Over the last 10 years, nearly 10,000 refugees–many of whom are students–have settled in Onondaga County, New York, where the city of Syracuse is located. They come from across the world: Myanmar, Bhutan, Somalia, Iraq, Democratic Republic of Congo, Syria, Burundi, Eritrea, Sudan, and Cuba. For these students, nearly everything about their experience is different than what they are used to, including the weather (Syracuse averages nearly 10 feet of snow each winter!).

Understanding how best to serve emergent bilinguals is a growing and urgent need in education. “All educators are becoming teachers of language, and integrating the social-emotional needs of immigrant and refugee youth,” said Heather Woodley, clinical assistant professor of TESOL, Bilingual Education and Foreign Language Education at NYU Steinhardt. “Home language support, family engagement, and culturally relevant pedagogy are vital skills to be successful in the classroom and work towards educational equity.”

NYU Steinhardt’s Teacher Residency is in its first year at Grant Middle School in Syracuse’s Northside neighborhood, where four resident interns are learning to become career educators (the program has 15 resident interns within the district). Students classified as English as a New Language make up 24% of the student body and there are 23 languages spoken at the school.

“More and more schools look like Grant: diverse in all imaginable ways,” said Diana Turk, director of teacher education at NYU Steinhardt and one of the faculty who developed the residency program. “We want to be sure that teachers gain the skills they need to reach and teach all learners, and that our graduates are able to effectively serve, and are committed to teaching all of the students in their classrooms. This involves not only the skills to reach all learners, including those who are emergent bilinguals and students who have different learning profiles, but also a commitment to cultural responsiveness. We work with our residents to ensure that the classrooms they run are welcoming and safe places to learn for all of their students.”

The coursework resident interns receive in the program complements Grant’s pioneering approach to lesson design: combining personalized learning and blended learning. These techniques are used to create student-centered environments by tailoring instruction and integrating online and face-to-face instruction.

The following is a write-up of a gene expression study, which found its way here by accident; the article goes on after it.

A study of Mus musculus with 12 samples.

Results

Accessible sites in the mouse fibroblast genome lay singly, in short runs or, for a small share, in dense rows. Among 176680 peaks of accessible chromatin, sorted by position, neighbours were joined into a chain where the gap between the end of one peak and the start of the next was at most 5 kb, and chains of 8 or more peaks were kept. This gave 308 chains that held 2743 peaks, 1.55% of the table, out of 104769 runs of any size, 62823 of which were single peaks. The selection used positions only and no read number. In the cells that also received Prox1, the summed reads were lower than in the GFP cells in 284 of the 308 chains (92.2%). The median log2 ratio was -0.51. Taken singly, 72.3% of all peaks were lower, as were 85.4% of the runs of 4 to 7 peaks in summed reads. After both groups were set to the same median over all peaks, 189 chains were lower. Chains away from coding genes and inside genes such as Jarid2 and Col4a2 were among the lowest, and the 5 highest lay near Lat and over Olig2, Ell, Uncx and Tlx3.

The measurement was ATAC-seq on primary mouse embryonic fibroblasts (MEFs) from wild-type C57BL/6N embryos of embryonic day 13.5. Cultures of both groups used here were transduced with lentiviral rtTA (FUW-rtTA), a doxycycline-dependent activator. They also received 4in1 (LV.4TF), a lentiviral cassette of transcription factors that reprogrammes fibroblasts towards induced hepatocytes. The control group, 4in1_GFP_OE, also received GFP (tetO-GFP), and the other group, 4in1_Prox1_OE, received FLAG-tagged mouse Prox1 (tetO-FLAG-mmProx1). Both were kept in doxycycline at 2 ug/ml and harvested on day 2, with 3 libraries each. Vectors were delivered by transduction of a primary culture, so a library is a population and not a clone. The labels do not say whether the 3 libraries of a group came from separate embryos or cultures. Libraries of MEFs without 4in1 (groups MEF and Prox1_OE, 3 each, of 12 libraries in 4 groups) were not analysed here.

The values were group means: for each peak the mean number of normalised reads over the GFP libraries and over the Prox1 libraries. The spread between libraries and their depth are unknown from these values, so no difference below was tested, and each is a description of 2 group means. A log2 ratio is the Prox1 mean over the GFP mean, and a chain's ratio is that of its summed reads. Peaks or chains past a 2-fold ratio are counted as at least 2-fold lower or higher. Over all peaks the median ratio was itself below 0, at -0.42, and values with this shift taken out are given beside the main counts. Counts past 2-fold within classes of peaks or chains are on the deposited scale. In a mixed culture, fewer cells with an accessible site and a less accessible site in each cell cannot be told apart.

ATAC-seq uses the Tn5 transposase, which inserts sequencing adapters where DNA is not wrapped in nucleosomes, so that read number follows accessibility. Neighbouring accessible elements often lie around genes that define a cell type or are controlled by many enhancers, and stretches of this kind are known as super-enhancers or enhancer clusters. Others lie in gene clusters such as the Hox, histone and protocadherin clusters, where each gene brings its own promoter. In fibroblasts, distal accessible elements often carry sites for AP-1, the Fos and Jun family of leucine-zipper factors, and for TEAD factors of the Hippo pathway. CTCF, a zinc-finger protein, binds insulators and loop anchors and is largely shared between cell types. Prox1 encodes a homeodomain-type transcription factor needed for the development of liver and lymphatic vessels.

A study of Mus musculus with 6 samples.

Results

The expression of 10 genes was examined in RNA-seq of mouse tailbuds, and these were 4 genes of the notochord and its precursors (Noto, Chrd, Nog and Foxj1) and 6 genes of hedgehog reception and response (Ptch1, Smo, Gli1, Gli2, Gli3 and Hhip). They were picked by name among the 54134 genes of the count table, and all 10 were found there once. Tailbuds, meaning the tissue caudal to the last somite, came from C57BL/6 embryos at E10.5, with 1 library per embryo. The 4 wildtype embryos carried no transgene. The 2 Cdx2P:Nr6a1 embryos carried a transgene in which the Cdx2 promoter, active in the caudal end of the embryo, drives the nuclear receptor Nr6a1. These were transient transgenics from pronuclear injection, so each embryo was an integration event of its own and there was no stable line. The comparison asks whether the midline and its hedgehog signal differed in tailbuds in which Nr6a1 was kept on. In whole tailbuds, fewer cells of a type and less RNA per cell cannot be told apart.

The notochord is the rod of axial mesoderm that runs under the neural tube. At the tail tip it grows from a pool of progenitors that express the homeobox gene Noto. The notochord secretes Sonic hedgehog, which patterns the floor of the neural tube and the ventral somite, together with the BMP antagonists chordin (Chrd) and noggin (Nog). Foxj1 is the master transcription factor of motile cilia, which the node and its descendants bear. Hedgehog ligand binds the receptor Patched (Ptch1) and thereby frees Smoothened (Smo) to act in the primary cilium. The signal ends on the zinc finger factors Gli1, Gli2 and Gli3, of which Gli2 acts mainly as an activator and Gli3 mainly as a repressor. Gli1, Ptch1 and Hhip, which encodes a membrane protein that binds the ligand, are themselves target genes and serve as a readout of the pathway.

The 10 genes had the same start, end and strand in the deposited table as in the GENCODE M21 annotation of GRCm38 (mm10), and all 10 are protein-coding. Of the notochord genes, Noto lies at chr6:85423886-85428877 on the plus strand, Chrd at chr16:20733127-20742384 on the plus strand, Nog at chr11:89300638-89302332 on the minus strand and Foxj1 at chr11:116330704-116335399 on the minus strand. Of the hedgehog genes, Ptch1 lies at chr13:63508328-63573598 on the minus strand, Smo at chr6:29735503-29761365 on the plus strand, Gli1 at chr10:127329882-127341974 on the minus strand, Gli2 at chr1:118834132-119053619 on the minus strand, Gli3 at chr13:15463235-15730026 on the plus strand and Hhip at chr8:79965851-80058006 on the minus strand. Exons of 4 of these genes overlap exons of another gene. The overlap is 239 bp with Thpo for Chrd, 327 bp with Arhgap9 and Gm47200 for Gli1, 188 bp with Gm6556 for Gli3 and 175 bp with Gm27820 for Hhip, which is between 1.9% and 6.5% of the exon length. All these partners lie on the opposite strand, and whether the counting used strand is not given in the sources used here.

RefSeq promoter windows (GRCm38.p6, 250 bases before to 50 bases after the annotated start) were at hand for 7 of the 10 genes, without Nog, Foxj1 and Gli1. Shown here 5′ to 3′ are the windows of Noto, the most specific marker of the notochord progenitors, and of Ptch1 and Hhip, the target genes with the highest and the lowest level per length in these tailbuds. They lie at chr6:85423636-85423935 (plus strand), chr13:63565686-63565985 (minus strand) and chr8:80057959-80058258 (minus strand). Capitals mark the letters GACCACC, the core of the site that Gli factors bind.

In Grant’s personalized and blended model, teachers divide their classes into three separate stations: teacher-led, digital, and collaborative. At the teacher-led station, students tackle difficult texts, work through tough concepts, and practice challenging skills. At the digital station, English language arts and social studies students learn reading and writing skills that are modified to their particular level. The science and math students conduct simulated experiments and practice solving puzzles and equations. At the collaborative station, students develop vocabulary skills, help each other with document-based history questions, and partner on science labs.

“The combination of the residency program and working at Grant Middle School has been incredibly rewarding. The culturally responsive education from the NYU faculty, year-long one-on-one mentorship, and hands-on teaching utilizing blended learning has fully prepared me to teach a diverse population in an urban setting. The experience has been so fulfilling. I have learned just as much from my emergent bilingual students as they’ve learned from me,” reflected Zac R. Lois, a resident intern in the program who is teaching sixth grade social studies at Grant.

Grant is modeling a shift in instruction that is happening across the country. Providing small group lessons as well as self-driven skill building are shown to improve language learning. And, tailoring instruction through technology-assisted learning is recommended for students learning English.

Teachers at Grant are beginning to notice a significant increase in student engagement and performance. In the years ahead, more middle schools in the Syracuse City School District plan to adopt this personalized learning approach. As the district’s partnership with NYU Steinhardt grows, resident interns–taught to serve diverse populations–will be well equipped to support the schools and the changing community.

Learn more about the NYU Steinhardt Teacher Residency and the school partners in this transformative teacher preparation program.